On April 1, the 2013 Major League Baseball season begins. The National Air and Space Museum’s hometown Washington Nationals begin their season at home. My beloved Baltimore Orioles, however, begin their season on the road against the Tampa Bay Rays in Florida. Like most teams, they will take a chartered airplane to their destination.
Visitors to the National Air and Space Museum don’t often get to see the work that goes on behind the scenes. This is especially true in terms of the labor that goes into collecting and caring for our artifacts. Many may wonder where all the air and space stuff (we call them artifacts) comes from. The answer is from a variety of places, including the United States Air Force, NASA, and the general public. These artifacts vary; some are large (aircraft and spacecraft) but many are relatively small (aircraft equipment or military or commercial airline uniforms and insignia, for example, or items of popular culture—air and space toys and games).
Just when I think I might know something about women in aviation, or just when we think we’ve heard all the stories about “the greatest generation,” I find out about another group who contributed to the World War II effort. They were not Rosie the Riveters assembling aircraft on production lines nor were they the pilots known as the WASP. By now, most people have heard of the Women Airforce Service Pilots, 1,074 civilian women who, from 1943 to 1944, flew more than 60 million miles ferrying military aircraft, towing targets, and performing other administrative flying duties for the US Army Air Forces.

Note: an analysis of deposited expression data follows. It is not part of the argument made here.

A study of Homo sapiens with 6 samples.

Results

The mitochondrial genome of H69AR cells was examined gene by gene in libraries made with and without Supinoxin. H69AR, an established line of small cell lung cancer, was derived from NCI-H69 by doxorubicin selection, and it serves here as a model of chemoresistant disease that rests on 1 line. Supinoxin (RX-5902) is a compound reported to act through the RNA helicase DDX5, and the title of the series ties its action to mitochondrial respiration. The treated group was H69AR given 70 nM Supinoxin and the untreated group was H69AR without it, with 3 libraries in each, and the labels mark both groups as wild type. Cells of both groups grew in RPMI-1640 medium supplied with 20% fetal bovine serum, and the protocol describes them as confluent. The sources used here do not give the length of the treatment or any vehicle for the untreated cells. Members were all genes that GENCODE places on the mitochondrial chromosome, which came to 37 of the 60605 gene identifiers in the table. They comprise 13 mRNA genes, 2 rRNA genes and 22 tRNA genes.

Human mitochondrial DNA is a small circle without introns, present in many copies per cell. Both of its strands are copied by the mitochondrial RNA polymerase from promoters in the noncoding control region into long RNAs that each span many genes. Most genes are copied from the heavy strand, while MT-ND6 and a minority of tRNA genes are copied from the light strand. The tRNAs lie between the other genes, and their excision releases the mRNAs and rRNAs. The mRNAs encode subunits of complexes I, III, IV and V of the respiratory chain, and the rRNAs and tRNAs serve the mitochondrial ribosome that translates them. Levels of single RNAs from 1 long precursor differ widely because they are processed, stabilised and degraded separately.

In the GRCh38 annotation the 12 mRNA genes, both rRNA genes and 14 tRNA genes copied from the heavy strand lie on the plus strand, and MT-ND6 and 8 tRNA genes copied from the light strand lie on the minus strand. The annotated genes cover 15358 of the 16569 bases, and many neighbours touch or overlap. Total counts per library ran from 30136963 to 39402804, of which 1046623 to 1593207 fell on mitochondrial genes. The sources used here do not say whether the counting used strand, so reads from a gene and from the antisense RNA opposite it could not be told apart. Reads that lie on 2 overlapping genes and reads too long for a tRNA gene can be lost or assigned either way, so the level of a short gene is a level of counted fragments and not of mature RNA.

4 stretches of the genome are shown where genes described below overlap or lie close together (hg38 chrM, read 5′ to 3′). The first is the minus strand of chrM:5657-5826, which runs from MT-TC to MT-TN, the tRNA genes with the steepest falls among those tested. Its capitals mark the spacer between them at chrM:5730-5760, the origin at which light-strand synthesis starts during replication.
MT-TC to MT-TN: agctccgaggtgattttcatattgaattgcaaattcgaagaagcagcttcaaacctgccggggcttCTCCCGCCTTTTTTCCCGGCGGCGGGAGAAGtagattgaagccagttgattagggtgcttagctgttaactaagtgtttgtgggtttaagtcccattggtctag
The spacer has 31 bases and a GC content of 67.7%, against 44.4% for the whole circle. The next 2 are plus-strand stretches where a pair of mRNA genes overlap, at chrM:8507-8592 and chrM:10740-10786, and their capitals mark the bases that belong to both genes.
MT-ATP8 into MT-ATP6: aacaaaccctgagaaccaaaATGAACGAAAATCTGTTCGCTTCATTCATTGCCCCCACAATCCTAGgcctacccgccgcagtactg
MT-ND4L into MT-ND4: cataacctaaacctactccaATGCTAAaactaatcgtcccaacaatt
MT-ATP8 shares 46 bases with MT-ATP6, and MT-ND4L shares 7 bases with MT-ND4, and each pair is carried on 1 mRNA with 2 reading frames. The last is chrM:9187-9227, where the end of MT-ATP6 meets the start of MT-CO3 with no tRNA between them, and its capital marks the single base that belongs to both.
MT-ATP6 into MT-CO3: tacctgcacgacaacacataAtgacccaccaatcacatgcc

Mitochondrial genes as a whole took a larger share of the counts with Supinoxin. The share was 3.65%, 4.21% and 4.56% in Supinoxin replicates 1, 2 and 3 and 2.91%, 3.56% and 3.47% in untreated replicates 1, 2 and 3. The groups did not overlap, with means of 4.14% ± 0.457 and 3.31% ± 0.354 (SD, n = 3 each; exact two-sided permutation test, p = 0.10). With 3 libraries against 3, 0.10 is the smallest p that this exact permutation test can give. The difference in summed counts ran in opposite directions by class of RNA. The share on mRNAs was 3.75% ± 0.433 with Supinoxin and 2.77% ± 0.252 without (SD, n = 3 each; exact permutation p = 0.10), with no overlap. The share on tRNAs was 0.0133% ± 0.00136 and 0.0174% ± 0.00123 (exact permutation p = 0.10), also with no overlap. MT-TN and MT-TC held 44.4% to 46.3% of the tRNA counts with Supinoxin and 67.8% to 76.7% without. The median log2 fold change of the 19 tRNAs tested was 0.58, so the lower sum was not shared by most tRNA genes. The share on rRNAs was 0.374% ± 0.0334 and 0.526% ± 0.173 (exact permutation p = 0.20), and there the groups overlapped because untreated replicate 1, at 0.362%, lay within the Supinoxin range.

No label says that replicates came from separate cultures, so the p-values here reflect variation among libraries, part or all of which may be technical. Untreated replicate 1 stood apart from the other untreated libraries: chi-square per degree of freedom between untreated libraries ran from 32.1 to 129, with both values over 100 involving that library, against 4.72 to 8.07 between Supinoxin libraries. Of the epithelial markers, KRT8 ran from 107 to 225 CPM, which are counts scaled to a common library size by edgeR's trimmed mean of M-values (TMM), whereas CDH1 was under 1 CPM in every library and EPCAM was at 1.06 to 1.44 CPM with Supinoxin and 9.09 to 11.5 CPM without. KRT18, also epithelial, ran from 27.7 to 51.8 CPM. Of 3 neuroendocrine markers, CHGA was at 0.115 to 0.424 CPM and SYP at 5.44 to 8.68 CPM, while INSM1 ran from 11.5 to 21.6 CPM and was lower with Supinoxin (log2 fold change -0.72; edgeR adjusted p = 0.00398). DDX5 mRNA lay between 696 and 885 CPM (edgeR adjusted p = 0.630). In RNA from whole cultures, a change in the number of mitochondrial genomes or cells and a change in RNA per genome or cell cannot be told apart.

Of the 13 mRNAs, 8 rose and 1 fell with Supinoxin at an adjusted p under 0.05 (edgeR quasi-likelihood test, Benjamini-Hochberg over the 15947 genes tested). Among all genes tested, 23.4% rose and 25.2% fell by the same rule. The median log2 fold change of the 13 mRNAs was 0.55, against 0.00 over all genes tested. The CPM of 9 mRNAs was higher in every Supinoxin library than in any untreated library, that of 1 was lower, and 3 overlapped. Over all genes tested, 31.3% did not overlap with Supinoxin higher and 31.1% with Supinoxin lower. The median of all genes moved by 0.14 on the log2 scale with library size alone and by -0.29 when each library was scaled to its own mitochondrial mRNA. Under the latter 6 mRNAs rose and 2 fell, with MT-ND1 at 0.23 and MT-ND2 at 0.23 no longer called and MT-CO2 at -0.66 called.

In a recent post, Tom Paone described the plans of William Powell, a resident of Mobile, Alabama, for a Confederate helicopter. In fact, Powell’s scheme was only the tip of the iceberg. In researching a scholarly paper on Civil War Planes, I have catalogued a score of plans for powered flying machines developed on both sides of the battle lines. Perhaps the most interesting of these was the work of Colonel Edward Wellman Serrell , a professional engineer serving with the Union Army of the James in 1864. Inspired by the well-known hand-held helicopter toy, Serrell had begun studying aeronautics several years before the War.
The recent seventy-fifth anniversary of the disappearance of Amelia Earhart and her navigator, Fred Noonan, stirred up considerable media attention – particularly in light of another expedition to the South Pacific in the hopes of solving the mystery. While the fate of Earhart has enthralled the public since 1937, the story of how Earhart figures into the larger history of air navigation and long-distance flying is often overlooked.
As my colleague Dr. Tom Crouch referenced in a previous post, our nation is currently in the midst of commemorating the 150th Anniversary of the American Civil War (or sesquicentennial for you Latin fans).
On January 10, 2012, the National Air and Space Museum Archives Department officially opened its new reading room at the Steven F. Udvar-Hazy Center to public researchers. We welcomed six researchers that day, including two who had scheduled a trip from Germany to coincide with our grand opening.